Real-time scanning keeps malicious code at bay
- By Doug Beizer
- Mar 24, 2007
Keeping an organization's computers and networks running is a tough job for any information technology director. In Rio Blanco County, a remote western Colorado community, the land's vastness makes that task even more complex.
The county's municipal area network provides voice and data services to about 800 users, in 26 agencies and at 13 locations. The network serves institutions that range from town governments to area hospitals.
With so many groups depending on the network, it is critical that viruses, malware and other attacks are kept in check.
"After we implemented the municipal area network we were very concerned and saw the need for a hardware appliance at the head of our network to do antivirus and spam filtering," said Michael Lani, the county's IT director.
Even with antivirus software installed on every desktop computer, the IT department still saw a lot of malware and spyware floating around the network. The attacks were resulting in slow system performance and other problems, Lani said.
"So we decided what we needed was a multilayer defense system," Lani said.
That included a firewall, desktop virus protection and a final piece of defense, gateway antivirus and spam canning.
Rio Blanco officials picked a gateway scanning appliance from CP Secure Inc. of Cupertino, Calif. Instead of scanning traffic in the traditional batch-based way that has been done for years, CP uses a stream-scanning architecture. Batch-based scanning uses files as the basic unit for scanning. CP Secure's stream scanning further breaks that down, examining bits and bytes of data coming into a network, said Joshua Lin, director of marketing and business development for CP Secure.
"The results are we are able to use system resources in a very efficient manner," Lin said. "We also use a parallel processing architecture, so as the Internet stream comes in we're able to concurrently scan it and output it, which reduces the amount of latency because we are using system resources very efficiently."
The more traditional batch scanning came about in the mid-1990s when most attacks arrived in e-mail.
Gateway scanners in those days were designed to scan e-mail traffic. That worked well because e-mail isn't real-time traffic. E-mail could be paused at some point, scanned, and it would all happen fast enough that people wouldn't complain about e-mail taking a long time to arrive.
"But it is a whole different matter when you have malware that's attacking some Web traffic," Lin said. "If you're in an environment of a thousand or more users, people will start complaining about slow Internet connections, and long Web page load times. So when you're scanning http traffic, the problem becomes a latency issue."
CP executives said their appliance scans in real time, but that really means it's able to handle high throughput, with very low latency to the point where it's not noticeable to the end user.
Some techniques to make batch scanning faster can leave a network at risk, Lin said. Some do selective scanning, fast-tracking traffic that isn't likely to have malware. Others use reputation filters, which only scan traffic from Web sites deemed suspicious or malicious. Although that technique speeds things up, using it also means much Web traffic will never be scanned.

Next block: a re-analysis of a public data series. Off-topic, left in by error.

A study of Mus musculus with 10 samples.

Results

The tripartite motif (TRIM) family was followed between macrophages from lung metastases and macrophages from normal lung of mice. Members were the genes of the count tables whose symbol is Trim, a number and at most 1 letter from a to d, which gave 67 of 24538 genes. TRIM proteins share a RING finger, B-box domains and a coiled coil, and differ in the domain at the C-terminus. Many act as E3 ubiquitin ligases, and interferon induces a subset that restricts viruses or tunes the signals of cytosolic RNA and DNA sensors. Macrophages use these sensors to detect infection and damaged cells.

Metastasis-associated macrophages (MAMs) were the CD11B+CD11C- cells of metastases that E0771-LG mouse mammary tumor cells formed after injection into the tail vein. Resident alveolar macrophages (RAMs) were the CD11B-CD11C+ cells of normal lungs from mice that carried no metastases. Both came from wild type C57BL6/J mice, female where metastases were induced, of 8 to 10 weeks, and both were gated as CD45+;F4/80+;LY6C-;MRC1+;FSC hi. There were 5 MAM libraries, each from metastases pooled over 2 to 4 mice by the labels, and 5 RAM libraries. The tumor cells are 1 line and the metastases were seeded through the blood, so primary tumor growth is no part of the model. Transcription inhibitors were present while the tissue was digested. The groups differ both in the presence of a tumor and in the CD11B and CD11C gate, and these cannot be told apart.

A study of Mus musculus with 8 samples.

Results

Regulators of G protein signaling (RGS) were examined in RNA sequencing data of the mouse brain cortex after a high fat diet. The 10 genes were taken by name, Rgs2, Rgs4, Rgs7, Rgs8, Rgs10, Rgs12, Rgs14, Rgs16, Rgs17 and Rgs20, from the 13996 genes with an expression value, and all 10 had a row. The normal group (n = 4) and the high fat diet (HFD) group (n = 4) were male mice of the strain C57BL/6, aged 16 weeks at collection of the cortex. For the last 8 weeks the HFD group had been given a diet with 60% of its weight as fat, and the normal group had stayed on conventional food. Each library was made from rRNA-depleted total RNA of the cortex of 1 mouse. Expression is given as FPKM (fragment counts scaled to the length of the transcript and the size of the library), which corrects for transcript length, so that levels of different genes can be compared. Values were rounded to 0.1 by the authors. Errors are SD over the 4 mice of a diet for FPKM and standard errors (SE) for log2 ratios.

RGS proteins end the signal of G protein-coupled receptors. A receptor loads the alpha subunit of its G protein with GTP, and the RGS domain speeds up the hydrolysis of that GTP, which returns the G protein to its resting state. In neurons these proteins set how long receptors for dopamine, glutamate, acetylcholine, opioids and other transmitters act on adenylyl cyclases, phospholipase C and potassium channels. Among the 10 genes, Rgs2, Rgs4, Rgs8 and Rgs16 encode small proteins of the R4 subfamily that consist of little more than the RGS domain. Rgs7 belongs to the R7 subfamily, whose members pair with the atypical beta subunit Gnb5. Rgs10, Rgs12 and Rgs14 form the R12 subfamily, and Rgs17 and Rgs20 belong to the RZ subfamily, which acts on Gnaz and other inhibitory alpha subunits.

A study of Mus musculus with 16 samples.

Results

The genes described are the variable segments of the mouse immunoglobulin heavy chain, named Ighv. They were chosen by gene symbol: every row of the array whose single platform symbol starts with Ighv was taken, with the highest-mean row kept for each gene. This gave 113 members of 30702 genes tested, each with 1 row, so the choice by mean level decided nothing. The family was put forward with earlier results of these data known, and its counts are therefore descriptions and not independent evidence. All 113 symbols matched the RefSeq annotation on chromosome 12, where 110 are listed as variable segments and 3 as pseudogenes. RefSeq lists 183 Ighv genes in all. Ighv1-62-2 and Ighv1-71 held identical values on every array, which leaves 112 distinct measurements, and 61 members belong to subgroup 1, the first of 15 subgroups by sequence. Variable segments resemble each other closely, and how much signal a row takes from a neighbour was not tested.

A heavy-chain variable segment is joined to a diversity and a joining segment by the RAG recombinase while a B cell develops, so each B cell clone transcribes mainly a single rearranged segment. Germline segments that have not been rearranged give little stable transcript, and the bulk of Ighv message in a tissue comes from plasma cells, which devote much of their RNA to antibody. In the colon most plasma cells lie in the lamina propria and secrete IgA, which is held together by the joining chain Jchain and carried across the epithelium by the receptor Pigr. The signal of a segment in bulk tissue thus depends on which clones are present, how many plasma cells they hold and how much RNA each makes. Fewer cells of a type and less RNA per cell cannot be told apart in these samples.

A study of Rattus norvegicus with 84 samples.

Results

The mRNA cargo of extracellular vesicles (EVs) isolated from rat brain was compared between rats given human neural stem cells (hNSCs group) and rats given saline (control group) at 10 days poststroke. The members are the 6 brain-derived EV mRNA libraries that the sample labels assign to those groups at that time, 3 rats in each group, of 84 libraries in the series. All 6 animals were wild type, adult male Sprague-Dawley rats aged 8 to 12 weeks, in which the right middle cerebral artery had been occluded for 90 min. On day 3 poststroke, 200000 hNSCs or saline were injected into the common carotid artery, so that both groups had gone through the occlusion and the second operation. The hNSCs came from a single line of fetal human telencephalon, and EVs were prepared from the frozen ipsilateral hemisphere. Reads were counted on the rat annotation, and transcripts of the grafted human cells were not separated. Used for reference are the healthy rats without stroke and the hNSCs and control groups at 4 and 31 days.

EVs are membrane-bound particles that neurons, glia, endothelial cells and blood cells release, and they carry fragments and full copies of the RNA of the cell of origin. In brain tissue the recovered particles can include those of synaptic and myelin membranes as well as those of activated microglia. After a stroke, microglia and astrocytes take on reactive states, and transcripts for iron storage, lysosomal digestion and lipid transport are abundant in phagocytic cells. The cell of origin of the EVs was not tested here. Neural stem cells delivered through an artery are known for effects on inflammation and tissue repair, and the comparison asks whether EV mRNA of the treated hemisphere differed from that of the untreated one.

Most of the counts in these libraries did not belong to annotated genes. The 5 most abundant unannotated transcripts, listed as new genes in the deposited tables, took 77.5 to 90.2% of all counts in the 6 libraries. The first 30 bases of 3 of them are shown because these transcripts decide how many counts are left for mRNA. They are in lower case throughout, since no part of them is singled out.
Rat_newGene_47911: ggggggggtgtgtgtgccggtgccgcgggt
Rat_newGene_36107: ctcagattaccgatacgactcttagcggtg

Also, using that technique is precarious because so much malware often is spread through Web traffic.
"We find that a lot of people tend to focus on threats they are aware of, so you may hear that spam is a big problem mainly because people deal with spam everyday in their inboxes," Lin said. "Other customers, like Rio Blanco, just knew that they were getting hit with viruses or malware, resulting in their IT help desk having to deal with problems at the desktop level."
In addition, dealing with those issues at the workstation level is
a reactive approach and very inefficient. Appliances such as CP Secure's stop those problems before they make their way to desktops, according to the company.
The appliance is an inline transparent bridge. Typically organizations deploy it behind the firewall to scan all the e-mail and Web traffic their firewall lets through, protecting all the users downstream of the firewall.
The gateway is not meant to act alone, and is designed to be a part of a layered defense that includes intrusion detection and desktop antivirus ware.
Officials in Rio Blanco didn't realize how big a problem they faced before they started scanning at the gateway.
"When we first hooked it up, we were most concerned with viruses getting into our network," Lani said. "What we quickly discovered, after reviewing the logs and report files, was we were getting a lot more malware and spyware trying to come in through http than really any other protocol."
That problem is critical because a wide array of agencies depend on the network and their computers. For example, Rio Blanco's hospital depends heavily on computers to transmit radiology reports and CAT scan information. A computer that's down could literally cause a life-and-death situation.
The same urgency applies for the county's 911 communications center.
"They're one of our agencies that we have to make sure that those workstations are stable and up and running and available 24/7," Lani said. "There's really very little room for error, and having a virus come in and wipe out your communications center is something no IT director wants to have to deal with."Staff Writer Doug Beizer can be reached at firstname.lastname@example.org.
Doug Beizer is a staff writer for Washington Technology.